The Food and Drug Administration (FDA) has approved Stivarga as a second-line treatment for patients with unresectable hepatocellular carcinoma (HCC) who have previously received Nexavar.
BY Jason M. Broderick
PUBLISHED April 27, 2017
The Food and Drug Administration (FDA) has approved Stivarga (regorafenib) as a second-line treatment for patients with unresectable hepatocellular carcinoma (HCC) who have previously received Nexavar (sorafenib).

The approval is based on the phase 3 RESORCE trial, in which the median overall survival (OS) was 10.6 months with Stivarga plus best supportive care compared with 7.8 months for placebo plus best supportive care, representing a 38 percent reduction in the risk of death (HR, 0.62; 95 percent CI, 0.50-0.78; P <.001).

Limited treatment options are available for patients with liver cancer,” Richard Pazdur, M.D., acting director of the Office of Hematology and Oncology Products in the FDA’s Center for Drug Evaluation and Research and director of the FDA’s Oncology Center of Excellence, said in a statement. “This is the first time patients with HCC have had an FDA-approved treatment that can be used if their cancer has stopped responding to initial treatment with sorafenib.”

The phase 3 RESORCE study randomized 573 patients with HCC in a 2:1 ratio to receive best supportive care plus either Stivarga (n = 379) or placebo (n = 194). Stivarga was administered at 160 mg once daily for three weeks followed by one week without treatment.

The median age of patients was 63 years, with the majority being male (88 percent). Most patients had tumors that were BCLC stage C (87 percent). Prior Nexavar was administered for ≥20 days at ≥400 mg/day with documented radiologic progression. The primary endpoint of the study was OS, with secondary outcome measures focused on progression-free survival (PFS), objective response rate (ORR) and safety.

Median PFS was 3.1 months in the Stivarga arm compared with 1.5 months in the placebo group, representing a 54 percent reduction in the risk of progression or death (HR, 0.46; 95 percent CI, 0.37-0.56; P <.001). The median time to progression in the Stivarga group was 3.2 versus 1.5 months with placebo (HR, 0.44; 95 percent CI, 0.036-0.55; P <.001).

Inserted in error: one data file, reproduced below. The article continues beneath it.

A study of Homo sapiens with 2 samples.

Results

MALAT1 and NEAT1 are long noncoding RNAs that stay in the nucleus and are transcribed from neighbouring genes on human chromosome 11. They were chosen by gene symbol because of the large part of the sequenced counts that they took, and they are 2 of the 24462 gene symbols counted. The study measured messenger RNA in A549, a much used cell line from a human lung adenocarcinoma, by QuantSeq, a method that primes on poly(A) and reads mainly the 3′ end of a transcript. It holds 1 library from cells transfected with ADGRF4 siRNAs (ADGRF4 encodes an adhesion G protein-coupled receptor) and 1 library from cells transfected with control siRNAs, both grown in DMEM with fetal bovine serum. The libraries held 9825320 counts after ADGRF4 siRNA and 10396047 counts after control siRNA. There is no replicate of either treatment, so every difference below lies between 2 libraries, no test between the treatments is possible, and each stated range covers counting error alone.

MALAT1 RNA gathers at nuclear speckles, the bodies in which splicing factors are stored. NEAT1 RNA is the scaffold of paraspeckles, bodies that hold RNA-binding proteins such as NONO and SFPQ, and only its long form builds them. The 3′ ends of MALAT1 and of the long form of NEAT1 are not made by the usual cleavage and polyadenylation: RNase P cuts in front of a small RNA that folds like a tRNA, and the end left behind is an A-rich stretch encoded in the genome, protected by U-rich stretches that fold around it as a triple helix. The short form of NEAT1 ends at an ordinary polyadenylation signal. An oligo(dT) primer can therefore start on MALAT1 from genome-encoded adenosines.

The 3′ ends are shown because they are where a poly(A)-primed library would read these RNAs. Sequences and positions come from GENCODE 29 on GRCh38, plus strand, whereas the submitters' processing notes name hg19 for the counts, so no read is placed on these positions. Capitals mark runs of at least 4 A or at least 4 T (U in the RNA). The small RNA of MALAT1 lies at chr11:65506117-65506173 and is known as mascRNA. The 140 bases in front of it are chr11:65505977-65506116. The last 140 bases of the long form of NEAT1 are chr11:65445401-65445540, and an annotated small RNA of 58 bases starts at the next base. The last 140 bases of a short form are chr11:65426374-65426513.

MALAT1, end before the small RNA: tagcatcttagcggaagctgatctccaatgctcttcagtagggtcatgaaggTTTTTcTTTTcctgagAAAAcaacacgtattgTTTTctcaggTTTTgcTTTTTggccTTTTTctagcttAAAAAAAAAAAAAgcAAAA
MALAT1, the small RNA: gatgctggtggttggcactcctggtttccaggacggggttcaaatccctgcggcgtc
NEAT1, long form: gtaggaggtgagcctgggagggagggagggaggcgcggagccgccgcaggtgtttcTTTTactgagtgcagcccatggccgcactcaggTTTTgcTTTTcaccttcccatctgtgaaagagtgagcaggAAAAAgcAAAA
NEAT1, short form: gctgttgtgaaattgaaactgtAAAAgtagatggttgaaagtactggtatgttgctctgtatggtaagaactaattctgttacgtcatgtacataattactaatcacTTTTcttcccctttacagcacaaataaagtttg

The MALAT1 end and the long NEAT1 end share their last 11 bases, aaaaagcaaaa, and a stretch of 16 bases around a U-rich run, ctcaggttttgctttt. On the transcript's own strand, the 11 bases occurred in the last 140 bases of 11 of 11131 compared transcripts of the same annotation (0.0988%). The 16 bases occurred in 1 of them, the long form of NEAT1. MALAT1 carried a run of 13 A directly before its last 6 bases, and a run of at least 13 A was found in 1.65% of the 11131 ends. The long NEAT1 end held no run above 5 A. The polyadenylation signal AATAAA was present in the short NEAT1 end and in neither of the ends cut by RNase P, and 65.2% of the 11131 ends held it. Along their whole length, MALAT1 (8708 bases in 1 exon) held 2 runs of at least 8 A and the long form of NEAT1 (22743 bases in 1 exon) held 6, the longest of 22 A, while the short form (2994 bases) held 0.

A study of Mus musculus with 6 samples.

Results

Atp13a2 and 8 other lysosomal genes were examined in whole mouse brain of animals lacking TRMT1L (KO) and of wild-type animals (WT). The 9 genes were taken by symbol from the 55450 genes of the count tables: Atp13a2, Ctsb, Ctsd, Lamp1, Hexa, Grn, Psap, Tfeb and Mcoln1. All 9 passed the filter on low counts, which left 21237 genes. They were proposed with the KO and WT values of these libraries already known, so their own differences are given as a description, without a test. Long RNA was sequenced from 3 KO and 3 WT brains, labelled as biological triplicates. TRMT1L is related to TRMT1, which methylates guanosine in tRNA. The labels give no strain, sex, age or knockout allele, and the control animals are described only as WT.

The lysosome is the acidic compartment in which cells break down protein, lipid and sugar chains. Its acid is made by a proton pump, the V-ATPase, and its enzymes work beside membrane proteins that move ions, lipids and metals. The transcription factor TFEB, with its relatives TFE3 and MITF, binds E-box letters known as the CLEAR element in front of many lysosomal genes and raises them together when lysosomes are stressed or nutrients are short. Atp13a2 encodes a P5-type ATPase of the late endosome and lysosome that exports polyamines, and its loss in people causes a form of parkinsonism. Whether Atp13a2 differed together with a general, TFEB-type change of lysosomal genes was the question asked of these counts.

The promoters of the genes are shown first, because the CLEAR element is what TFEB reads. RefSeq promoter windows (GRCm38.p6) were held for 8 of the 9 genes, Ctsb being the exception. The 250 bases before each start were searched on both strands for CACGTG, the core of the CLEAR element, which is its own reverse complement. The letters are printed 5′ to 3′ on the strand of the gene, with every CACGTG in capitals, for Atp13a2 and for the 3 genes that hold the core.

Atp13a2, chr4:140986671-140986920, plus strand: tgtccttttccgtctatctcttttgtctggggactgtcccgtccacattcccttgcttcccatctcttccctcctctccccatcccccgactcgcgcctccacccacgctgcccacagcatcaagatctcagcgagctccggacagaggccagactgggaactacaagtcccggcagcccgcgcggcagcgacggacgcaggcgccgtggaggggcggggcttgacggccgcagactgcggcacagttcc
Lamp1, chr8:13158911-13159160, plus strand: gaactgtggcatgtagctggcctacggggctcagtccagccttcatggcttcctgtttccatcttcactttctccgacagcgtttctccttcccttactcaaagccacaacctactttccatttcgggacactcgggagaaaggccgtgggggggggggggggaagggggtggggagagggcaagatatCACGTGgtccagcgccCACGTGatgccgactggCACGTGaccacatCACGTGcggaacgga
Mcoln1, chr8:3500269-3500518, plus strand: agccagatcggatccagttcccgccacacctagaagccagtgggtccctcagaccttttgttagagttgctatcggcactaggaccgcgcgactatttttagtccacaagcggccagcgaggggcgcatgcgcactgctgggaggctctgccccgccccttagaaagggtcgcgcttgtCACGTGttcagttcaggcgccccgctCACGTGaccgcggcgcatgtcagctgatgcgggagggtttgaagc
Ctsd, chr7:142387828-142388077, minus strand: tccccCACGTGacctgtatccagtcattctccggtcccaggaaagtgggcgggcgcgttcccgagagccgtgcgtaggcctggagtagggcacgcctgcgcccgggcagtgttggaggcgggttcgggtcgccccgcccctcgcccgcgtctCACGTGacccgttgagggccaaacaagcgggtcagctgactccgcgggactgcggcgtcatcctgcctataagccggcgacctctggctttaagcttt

The ORR with Stivarga was 10.6 percent versus 4.1 percent with placebo (P = .005). When considering stable disease, the overall disease control rate was 65.2 percent with the multikinase inhibitor versus 36.1 percent with placebo.

Median duration of treatment was 3.6 months with Stivarga (range, 0.03-29.4) versus 1.9 months with placebo (range, 0.2-27.4). Grade ≥3 adverse events (AEs) were experienced by 79.7 percent of those treated with Stivarga versus 58.5 percent of patients in the placebo arm. Dose modifications to alleviate AEs were required for 68.2 percent of patients in the experimental arm compared with 31.1 percent of patients treated with placebo.

The most common grade ≥3 AEs with Stivarga versus placebo, respectively, were hypertension (15.2 percent vs 4.7 percent), hand-foot skin reaction (12.6 percent vs 0.5 percent), fatigue (9.1 percent vs 4.7 percent) and diarrhea (3.2 percent vs 0 percent). There were more deaths in the placebo arm versus Stivarga within 30 days following the last dose of treatment (13.4 percent with Stivarga vs 19.7 percent for placebo).

Stivarga is an oral kinase inhibitor that blocks VEGFR 1-3, TIE-2, RAF-1, BRAF, BRAFV600, KIT, RET, PDGFR and FGFR. The agent is currently FDA approved for the treatment of patients with metastatic colorectal cancer and advanced gastrointestinal stromal tumors.